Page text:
After six miscarriages, US couple's baby dies in hot car
A couple who struggled with fertility issues and endured six miscarriages before having a child are mourning the hot car death of their "miracle baby".
Two-year-old Zariah Hasheme died after her babysitter, Tammie Brooks, forgot to drop her off at her nursery and went to work, New Mexico police say.
"I would not wish this pain and this hurt upon my worst enemy," Zariah's mother, Demi Petrowski, told KOB-TV.
Zariah was the 42nd US child to die of heat exhaustion in a hot car in 2019.
Ms Petrowski said the couple had given up on trying to conceive when they got the news she was pregnant.
"I remember praying every single day, non-stop," she said.
The child was found dead on 17 September, when Ms Brooks, 41, forgot to drop off the child at her nursery in Hobbs, leaving Zariah in her car for over six hours, police say.
She only realised her error after returning to her car to run an errand, police added.
Ms Brooks was arrested and has been charged with abandonment or abuse of a child resulting in death.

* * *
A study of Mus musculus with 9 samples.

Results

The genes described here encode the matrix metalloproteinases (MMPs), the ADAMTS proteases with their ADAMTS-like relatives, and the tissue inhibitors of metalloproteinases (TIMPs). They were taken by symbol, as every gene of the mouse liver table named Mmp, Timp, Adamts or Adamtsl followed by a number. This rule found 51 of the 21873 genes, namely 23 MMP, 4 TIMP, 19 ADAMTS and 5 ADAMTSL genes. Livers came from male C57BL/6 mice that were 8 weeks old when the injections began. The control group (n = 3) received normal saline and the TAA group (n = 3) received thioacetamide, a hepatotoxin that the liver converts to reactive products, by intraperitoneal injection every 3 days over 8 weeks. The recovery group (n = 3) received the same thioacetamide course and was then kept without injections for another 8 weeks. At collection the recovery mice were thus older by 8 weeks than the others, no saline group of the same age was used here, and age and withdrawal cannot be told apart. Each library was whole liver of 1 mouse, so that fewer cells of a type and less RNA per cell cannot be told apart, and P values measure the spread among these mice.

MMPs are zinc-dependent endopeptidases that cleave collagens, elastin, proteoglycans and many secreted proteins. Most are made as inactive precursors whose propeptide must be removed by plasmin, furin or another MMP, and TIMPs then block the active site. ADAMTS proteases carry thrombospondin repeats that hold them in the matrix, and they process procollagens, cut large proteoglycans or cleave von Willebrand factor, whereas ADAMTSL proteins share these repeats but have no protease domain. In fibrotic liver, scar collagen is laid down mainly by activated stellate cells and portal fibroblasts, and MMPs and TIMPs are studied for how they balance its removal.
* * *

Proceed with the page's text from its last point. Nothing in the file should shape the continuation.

Zariah's father, Zachary Hasheme, recalled getting the call from his wife: "I hear Demi screaming on the other line saying that Zariah's dead and I didn't know what to do," he told KOB-TV.
"I slammed on my brakes and pulled over."
He added his daughter had recently "called me 'Dada' for the first time".
An online fundraiser for the family has raised over $3,200 (£2,600) as of Monday.
The average number of child hot car deaths in the US each year is 38, according to safety group Kidsandcars.org.
Tips on keeping children safe in cars
- Keep a teddy bear in the car seat when it's empty, then when you put your child in the seat, move the toy to the front seat
- Put a shoe or mobile phone in the seat with your child
- Put the car seat on the passenger side of the back seat
- Look in the front and back seats when you lock the car
- Ask your partner to call to check you dropped your child off at nursery
Source: Kids Safe Worldwide
US car manufacturers have agreed to add rear seat sensors in order to deter vehicle deaths.
Ms Petrowski appealed for people to "always look at the backseat of the car, and if there is a child in there or you hear a child screaming, please just - you know, help.
"As for daycare centers, if you know a child is not there at their appointed time, please contact the parents or someone on the emergency list right away."